Ask any golfer and they will tell you that the hardest shot in golf is one you have to perform. As amateurs, this type of pressure can sometimes cause us fits because we do not always feel the confidence to be successful. Playing golf under pressure, regardless of the level, is something that all players must develop in order to succeed. Shooting consistently low golf scores is something that low handicap golfers, like myself, strife for and playing under pressure is a must. So, the obvious question is how?
After years of playing successful, competitive golf and playing anchor for most scramble teams, I would suggest that I have some ability to perform under pressure. I could lay out an long diatribe about why this particular skill is important, however I think that anyone who has played a few rounds understands that how important this skill actually is go shooting our best scores. So, I will ask the obvious question again……how?
Before I chime in, I think it is important that your watch this video by Tommy Fleetwood. It hits the heart of this topic:
The simple solution to playing golf under pressure is preparation. Setting ourselves up for success happens away from the course in the practice area. Depending on your skill level, this practice will be as simple as improving your swing mechanics. For other players, like myself, we need to take things up a notch in order to gain the confidence to hit any shot at any time.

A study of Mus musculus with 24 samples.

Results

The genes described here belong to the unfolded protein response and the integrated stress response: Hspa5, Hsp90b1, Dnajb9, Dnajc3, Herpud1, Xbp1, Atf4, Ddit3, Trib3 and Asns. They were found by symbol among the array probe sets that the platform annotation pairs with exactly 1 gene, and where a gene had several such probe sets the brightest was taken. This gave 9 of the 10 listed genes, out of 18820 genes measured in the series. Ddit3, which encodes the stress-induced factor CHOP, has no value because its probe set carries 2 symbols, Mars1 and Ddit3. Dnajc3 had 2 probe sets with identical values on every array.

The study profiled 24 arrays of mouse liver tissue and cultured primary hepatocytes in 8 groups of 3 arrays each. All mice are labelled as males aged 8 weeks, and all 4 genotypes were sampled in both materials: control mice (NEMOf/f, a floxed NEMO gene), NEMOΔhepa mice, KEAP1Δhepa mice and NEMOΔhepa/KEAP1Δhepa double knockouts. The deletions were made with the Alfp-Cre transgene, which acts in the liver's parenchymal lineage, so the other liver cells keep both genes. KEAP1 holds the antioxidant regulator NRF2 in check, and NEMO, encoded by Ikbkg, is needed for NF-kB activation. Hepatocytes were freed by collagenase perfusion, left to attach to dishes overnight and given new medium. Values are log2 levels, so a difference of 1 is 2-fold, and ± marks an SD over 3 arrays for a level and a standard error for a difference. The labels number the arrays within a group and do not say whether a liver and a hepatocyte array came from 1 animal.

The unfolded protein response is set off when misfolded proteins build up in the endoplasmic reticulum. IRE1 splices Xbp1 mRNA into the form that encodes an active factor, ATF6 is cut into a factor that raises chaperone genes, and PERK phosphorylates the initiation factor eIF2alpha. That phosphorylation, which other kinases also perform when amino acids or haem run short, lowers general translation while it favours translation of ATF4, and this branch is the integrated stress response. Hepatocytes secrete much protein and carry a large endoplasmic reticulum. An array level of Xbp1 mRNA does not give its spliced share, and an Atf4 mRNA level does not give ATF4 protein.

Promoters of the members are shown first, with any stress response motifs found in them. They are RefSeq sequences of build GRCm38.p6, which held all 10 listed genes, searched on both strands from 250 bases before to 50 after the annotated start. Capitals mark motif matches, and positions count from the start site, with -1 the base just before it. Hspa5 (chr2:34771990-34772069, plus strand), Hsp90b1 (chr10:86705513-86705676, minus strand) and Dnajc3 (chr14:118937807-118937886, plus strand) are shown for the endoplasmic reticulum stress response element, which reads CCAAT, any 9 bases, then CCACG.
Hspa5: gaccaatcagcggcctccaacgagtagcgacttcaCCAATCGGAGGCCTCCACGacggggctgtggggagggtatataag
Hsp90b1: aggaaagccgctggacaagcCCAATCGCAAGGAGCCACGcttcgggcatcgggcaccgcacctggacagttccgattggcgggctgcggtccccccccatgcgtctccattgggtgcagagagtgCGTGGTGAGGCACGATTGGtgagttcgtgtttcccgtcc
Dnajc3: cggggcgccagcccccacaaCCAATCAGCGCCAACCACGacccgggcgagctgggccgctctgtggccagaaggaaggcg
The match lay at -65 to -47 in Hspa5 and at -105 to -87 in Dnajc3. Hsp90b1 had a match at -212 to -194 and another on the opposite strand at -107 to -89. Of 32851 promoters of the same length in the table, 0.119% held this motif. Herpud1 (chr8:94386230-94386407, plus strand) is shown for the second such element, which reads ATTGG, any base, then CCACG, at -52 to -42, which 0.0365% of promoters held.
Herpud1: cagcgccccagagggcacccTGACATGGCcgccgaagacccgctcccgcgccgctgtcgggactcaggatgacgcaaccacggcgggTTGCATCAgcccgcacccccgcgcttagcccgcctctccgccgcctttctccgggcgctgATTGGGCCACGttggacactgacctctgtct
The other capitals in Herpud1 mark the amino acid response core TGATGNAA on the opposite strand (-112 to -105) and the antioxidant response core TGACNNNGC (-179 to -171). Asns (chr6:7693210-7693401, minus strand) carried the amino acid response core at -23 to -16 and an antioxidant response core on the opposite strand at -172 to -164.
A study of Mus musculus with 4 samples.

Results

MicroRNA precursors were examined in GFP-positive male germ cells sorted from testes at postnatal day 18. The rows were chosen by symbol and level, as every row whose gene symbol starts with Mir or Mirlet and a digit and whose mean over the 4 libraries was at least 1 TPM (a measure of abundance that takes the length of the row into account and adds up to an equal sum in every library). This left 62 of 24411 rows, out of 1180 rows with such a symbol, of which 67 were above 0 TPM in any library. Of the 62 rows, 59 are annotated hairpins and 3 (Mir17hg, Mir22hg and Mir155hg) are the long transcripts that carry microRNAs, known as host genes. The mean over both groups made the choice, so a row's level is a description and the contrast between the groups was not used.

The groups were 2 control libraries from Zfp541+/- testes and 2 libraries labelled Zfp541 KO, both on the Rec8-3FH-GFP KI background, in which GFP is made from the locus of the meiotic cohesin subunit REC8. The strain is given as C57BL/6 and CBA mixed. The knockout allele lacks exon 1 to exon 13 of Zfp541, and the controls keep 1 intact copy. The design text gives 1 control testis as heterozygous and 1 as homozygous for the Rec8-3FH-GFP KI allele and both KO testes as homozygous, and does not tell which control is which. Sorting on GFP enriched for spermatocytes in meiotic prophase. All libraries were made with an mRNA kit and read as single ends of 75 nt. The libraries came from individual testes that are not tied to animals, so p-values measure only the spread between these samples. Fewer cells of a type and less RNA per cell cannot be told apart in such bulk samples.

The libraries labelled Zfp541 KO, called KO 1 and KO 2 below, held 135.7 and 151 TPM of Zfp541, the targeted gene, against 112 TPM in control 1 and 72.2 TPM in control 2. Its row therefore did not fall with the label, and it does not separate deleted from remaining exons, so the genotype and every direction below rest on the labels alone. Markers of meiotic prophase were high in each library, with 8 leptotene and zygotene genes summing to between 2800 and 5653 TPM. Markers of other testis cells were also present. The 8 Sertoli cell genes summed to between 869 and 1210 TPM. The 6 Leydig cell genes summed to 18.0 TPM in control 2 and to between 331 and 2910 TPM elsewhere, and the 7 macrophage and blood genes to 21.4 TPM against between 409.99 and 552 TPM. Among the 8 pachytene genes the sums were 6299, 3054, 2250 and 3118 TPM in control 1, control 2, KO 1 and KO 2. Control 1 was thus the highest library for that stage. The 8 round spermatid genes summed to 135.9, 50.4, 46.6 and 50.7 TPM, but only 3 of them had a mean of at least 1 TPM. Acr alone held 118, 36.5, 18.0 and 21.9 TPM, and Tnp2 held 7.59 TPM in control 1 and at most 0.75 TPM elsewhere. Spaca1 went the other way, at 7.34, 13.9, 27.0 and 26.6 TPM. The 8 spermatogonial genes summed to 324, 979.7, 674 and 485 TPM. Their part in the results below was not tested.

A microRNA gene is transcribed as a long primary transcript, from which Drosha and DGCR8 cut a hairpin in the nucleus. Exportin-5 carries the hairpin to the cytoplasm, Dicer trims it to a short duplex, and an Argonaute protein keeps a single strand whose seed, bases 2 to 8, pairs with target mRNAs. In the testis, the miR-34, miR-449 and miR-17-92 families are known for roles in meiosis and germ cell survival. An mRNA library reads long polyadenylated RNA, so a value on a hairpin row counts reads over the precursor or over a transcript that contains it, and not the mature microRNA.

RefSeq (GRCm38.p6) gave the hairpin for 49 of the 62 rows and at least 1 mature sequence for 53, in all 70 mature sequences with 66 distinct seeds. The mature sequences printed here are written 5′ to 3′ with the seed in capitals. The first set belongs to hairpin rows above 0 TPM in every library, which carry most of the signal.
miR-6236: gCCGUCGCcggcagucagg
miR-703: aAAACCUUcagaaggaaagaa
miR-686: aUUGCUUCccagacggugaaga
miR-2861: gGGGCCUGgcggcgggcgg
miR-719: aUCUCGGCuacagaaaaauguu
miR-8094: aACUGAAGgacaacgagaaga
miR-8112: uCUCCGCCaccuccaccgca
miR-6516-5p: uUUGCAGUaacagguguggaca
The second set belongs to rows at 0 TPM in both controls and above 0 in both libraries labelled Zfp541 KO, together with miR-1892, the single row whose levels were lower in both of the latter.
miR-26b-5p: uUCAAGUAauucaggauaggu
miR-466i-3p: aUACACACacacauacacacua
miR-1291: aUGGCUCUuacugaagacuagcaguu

Speaking of taking my practice sessions up to the next level. I found a great drill by Brian Penn from All About Golf. It is focuses improving my short game through random shots around a practice area. It is a drill designed for mid to low handicap players, but could be used by higher handicappers with some modifications. Brian’s main point is: “Making practice harder than the real game is the secret sauce.” To read more about this drill, head over to the article called YOU CAN BENEFIT FROM HARD PRACTICE.
Playing consistent golf under pressure is key to lower golf scores. ‘Actually’ playing golf under pressure is important, however, as Tommy Fleetwood suggests, preparation and practice before hitting the links is the real key. I completely agree with Fleetwood. How about you?
I am a grateful golfer! See you on the links!